Young’s career followed the pattern of many suffragists. After active participation in Baptist missionary societies, she joined the Woman’s Christian Temperance Union (WCTU) in 1886. Suffrage appealed as an avenue to temperance goals.
Suffragist, editor, author. Young was born in Georgetown on March 10, 1842, the daughter of William Wallace Durant and his second wife, Julia. Shortly after Virginia’s birth, the family moved to Marion District, where her father became a prosperous planter and active politician. At age sixteen Virginia married Benjamin H. Covington. During the Civil War she began writing short stories and novellas under various pseudonyms for magazines such as Southern Field and Fireside and The XIX Century. In 1874 she moved with her husband to a farm in DeSoto County, Mississippi, where he died in 1879. Returning to Marion, she married Dr. William Jasper Young of Fairfax on December 22, 1880.
Young’s career followed the pattern of many suffragists. After active participation in Baptist missionary societies, she joined the Woman’s Christian Temperance Union (WCTU) in 1886. Suffrage appealed as an avenue to temperance goals. Young moved onto the national reform stage by writing magazine articles and lecturing at temperance forums across the country. After writing columns in several state newspapers, she became the editor of the Fairfax Enterprise, becoming its sole owner in 1899. Her weekly was said to be like Mrs. Young, a “charming medley of politics, women’s rights and good natured wit and humor.”
In 1890 Young and Adelaide Viola Neblett founded the South Carolina Equal Rights Association (SCERA), which became an affiliate of the National American Woman Suffrage Association (NAWSA). As president of the SCERA from 1892 to 1895, Young worked to break down prejudices against southern women among northern suffragists and at the same time tried (futilely) to win the vote in South Carolina.
Young found an ally in Abbeville legislator and editor Robert R. Hemphill. In 1892 he introduced a joint resolution to the General Assembly granting women the right to vote and hold office. The resolution was rejected. Young then petitioned the legislature for her personal enfranchisement. When a constitutional convention was called in 1895, Young and the SCERA campaigned vigorously for a woman-suffrage amendment. In an address to the convention, she advocated a strategy first put forward by northern suffragists. Enfranchising women with a property or educational requirement would assure white supremacy without the oppressive Jim Crow laws being proposed to disenfranchise African Americans. The amendment to enfranchise women with $300 worth of taxable property went down to defeat 121 to 26.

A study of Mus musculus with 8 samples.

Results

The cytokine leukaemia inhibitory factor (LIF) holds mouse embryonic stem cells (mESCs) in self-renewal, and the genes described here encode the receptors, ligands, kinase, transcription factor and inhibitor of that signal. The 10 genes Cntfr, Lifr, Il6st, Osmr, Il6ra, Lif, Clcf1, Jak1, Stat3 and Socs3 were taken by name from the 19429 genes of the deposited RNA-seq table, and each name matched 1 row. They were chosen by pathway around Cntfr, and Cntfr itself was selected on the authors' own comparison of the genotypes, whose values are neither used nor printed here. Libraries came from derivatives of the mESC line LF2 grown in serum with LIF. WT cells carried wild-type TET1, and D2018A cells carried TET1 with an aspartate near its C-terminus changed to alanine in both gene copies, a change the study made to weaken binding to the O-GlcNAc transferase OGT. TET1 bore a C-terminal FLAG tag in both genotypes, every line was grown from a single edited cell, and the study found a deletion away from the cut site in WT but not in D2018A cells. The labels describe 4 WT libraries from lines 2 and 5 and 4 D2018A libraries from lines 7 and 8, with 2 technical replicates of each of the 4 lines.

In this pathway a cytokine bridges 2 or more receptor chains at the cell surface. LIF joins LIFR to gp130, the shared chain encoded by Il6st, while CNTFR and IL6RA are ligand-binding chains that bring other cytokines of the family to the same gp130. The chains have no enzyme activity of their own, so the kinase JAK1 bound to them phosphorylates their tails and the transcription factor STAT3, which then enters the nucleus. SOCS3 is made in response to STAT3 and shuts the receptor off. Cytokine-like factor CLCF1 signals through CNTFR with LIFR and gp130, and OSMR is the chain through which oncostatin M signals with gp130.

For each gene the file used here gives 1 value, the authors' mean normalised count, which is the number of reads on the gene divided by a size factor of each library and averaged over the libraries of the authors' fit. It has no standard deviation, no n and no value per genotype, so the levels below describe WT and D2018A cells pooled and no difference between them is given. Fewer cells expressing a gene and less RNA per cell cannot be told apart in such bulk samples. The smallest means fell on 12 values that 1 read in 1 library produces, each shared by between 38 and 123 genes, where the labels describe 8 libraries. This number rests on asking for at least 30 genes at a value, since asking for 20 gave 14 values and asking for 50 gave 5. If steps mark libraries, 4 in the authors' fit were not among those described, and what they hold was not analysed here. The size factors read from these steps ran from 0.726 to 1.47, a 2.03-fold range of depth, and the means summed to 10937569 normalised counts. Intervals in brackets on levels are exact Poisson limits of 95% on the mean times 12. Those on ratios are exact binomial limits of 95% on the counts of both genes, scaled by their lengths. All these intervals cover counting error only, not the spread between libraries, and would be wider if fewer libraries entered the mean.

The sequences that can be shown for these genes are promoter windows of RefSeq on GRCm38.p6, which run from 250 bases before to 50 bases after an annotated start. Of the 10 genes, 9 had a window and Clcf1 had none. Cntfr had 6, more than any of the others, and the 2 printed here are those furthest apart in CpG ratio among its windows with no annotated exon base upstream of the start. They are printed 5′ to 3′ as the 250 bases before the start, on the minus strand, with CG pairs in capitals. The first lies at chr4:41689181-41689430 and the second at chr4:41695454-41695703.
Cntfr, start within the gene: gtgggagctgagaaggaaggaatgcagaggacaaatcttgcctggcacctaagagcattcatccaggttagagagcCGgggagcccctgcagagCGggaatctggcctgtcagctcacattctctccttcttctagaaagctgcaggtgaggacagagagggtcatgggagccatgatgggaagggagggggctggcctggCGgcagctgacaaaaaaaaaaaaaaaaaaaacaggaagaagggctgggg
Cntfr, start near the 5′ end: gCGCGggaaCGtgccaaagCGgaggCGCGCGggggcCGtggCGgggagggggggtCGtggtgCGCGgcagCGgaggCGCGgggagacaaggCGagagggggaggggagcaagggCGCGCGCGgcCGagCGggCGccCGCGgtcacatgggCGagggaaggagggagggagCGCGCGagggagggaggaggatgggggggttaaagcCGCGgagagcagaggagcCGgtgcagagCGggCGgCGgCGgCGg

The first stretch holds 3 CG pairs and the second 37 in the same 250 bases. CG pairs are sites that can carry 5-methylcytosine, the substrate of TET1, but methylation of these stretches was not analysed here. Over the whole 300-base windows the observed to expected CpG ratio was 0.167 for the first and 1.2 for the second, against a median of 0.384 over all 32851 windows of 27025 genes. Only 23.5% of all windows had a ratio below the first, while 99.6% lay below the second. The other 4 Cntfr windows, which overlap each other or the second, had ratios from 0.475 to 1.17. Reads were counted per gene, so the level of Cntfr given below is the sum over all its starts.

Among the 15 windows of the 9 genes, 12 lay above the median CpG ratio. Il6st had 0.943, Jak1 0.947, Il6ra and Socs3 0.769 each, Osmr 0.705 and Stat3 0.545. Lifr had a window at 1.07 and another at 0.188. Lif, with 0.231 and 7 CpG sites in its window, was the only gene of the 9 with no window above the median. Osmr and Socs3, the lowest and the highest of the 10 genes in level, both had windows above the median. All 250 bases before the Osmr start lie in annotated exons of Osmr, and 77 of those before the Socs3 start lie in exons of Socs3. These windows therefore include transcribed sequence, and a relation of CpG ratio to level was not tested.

Young’s proposal in 1896 to allow women to vote in presidential elections found no support. The SCERA fell into disarray. NAWSA leaders criticized Young for not developing a more broad-based movement. She suffered from criticism at home for sullying women with politics. Voting rights for South Carolina women came through federal amendment in 1919.
Young also wrote three novels. Beholding as in a Glass (1895) and A Tower in the Desert (1896) were essentially vehicles for her temperance and suffrage messages. The third, One of the Blue Hen’s Chickens (1902), reflected her interest in the “positive thinking” movement called “Mental Science,” which was popular among suffragists. Young died at her home in Fairfax on November 2, 1906, as one of the best-known women in the state.
Taylor, Antoinette Elizabeth. “South Carolina and the Enfranchisement of Women: The Early Years.” South Carolina Historical Magazine 77 (April 1976): 115–26.
Ulmer, Barbara Bellows. “Virginia Durant Young: New South Suffragist.” Master’s thesis, University of South Carolina, 1979.